One of the main advantages of Cisco SD-WAN is that it can use a mix of any available transports at any location in an active-active fashion. This typically means that organizations wanting to lower costs chose to utilize many Internet links including LTE 4G/5G over expensive leased lines and MPLS circuits. However, we all know that Internet circuits do not have guaranteed quality, and packet loss may occur at any given time. Cisco SD-WAN provides a set of capabilities that protect business-critical applications from packet loss and allows apps to work reliably over the Internet. Fundamentally, there are two different principles used to mitigate the effect of packet loss that suddenly occurs on a transport link:

  • The best approach is to move the critical applications off the WAN link that is experiencing packet loss. In Cisco SD-WAN, this can easily be achieved using Application-aware Routing (AAR) policies that we are going to discuss in the next section;
  • When AAR is not applicable, for example when a branch has two WAN providers that are lossy at the same time, we can use tools that compensate for the lost packets by trading either bandwidth (when using packet duplication) or CPU cycles (when using FEC) for circuit reliability.

In this lab lesson, we are going to show a data policy action called Forward Error Correction (FEC) that mitigates the effect of packet loss on a given underlay transport link.

What is Forward Error Correction (FEC)?

The Forwarding Error Correction (FEC) feature allows critical applications to work well over unreliable WAN links, usually Internet circuits. The mechanism behind it is borrowed from RAID array logic. For example, in a RAID array, if one disk fails it can be replaced with a new one and the information can be reconstructed based on the metadata stored in a parity disk. The FEC follows the same logic applied to packets instead of disks. For each group of four packets, one "parity packet" is inserted. At the receiver end, if one of the four packets is lost, it can be reconstructed based on the metadata that is stored in the parity packet. It is basically a trade-off between CPU cycles and circuit reliability. The process is illustrated in figure 1.

Forwarding Error Correction Overview
Figure 1. Forwarding Error Correction Overview

So in short, the FEC capability protects applications from incurring packet loss on the transient network paths.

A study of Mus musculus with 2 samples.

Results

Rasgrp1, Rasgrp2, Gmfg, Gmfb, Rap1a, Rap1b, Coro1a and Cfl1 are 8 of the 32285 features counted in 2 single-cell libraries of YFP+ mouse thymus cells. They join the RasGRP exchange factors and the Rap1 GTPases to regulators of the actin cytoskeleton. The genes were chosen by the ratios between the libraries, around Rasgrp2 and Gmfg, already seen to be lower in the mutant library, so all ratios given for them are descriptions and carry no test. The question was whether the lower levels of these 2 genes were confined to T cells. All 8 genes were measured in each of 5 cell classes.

FEC Adaptive vs FEC Always

The Forwarding Error Correction capability itself can be configured to work in two different modes: 

  • FEC always - the forwarding error correction capability can be configured to take place unconditionally. This means that for every group of four packets, one parity packet will be sent across the WAN link at any given moment. This increases the bandwidth consumption of the WAN link by at least 25%. Statistically speaking, if a given underlay transport experiences packet loss only once in a while, keeping the FEC capability always-on may be inefficient and unnecessary.
  • FEC adaptive - On the other hand, the forwarding error correction capability can be configured to be dynamically invoked if the SD-WAN fabric detects an amount of packet loss higher than the configured fec-threshold value. As of the current SD-WAN software version 20.6.1, the threshold value can be between 1% and 5% packet loss. If we configure it to be 2 % for example, when the Cisco SD-WAN fabric detects an amount of packet loss higher than 2 percent, it automatically turns FEC on. 

Configuring FEC on Cisco SD-WAN 

The FEC capability is configured under the action section of a data policy rule. For example, we are going to enable FEC Adaptive on the VoIP applications in VPN2 that we match under sequence 21 in the data policy applied to the spokes (DATA-POLICY-TO-SPOKES). Notice that there is old deprecated CLI syntax to enable FEC (highlighted in yellow) and a new one (highlighted in green). Using the new syntax, we just enter seq 21’s action section and enable the FEC feature as shown in the output below:

vSmart(config)# policy data-policy DATA-POLICY-TO-SPOKES vpn-list VPN2 sequence 21 action accept
vSmart(config-action)# ?
Possible completions:
  cflowd               Apply cflowd
  count                Count packets/bytes matching this rule
  dre-optimization     Enable DRE optimization
  log                  Log this packet header
  loss-protect         (DEPRECATED) Protect data from loss.
  loss-protection      Protect data from loss
  nat                  Direct packets to NAT
vSmart(config-action)# loss-protection ?
Possible completions:
  forward-error-correction   Enable Forward Error Correction
  packet-duplication         Enable Packet Duplication
vSmart(config-action)# loss-protection forward-error-correction ?
Description: Enable Forward Error Correction
Possible completions:
  adaptive  always              
vSmart(config-action)# loss-protection forward-error-correction adaptive 
vSmart(config-action)# loss-protection fec-threshold ?
Possible completions:
  <1..5> %                    
vSmart(config-action)# loss-protection fec-threshold 1 
vSmart(config-action)# commit and-quit
Commit complete.

Now if we look at the data policy part for vpn 2, we are going to see the FEC configuration that we have configured.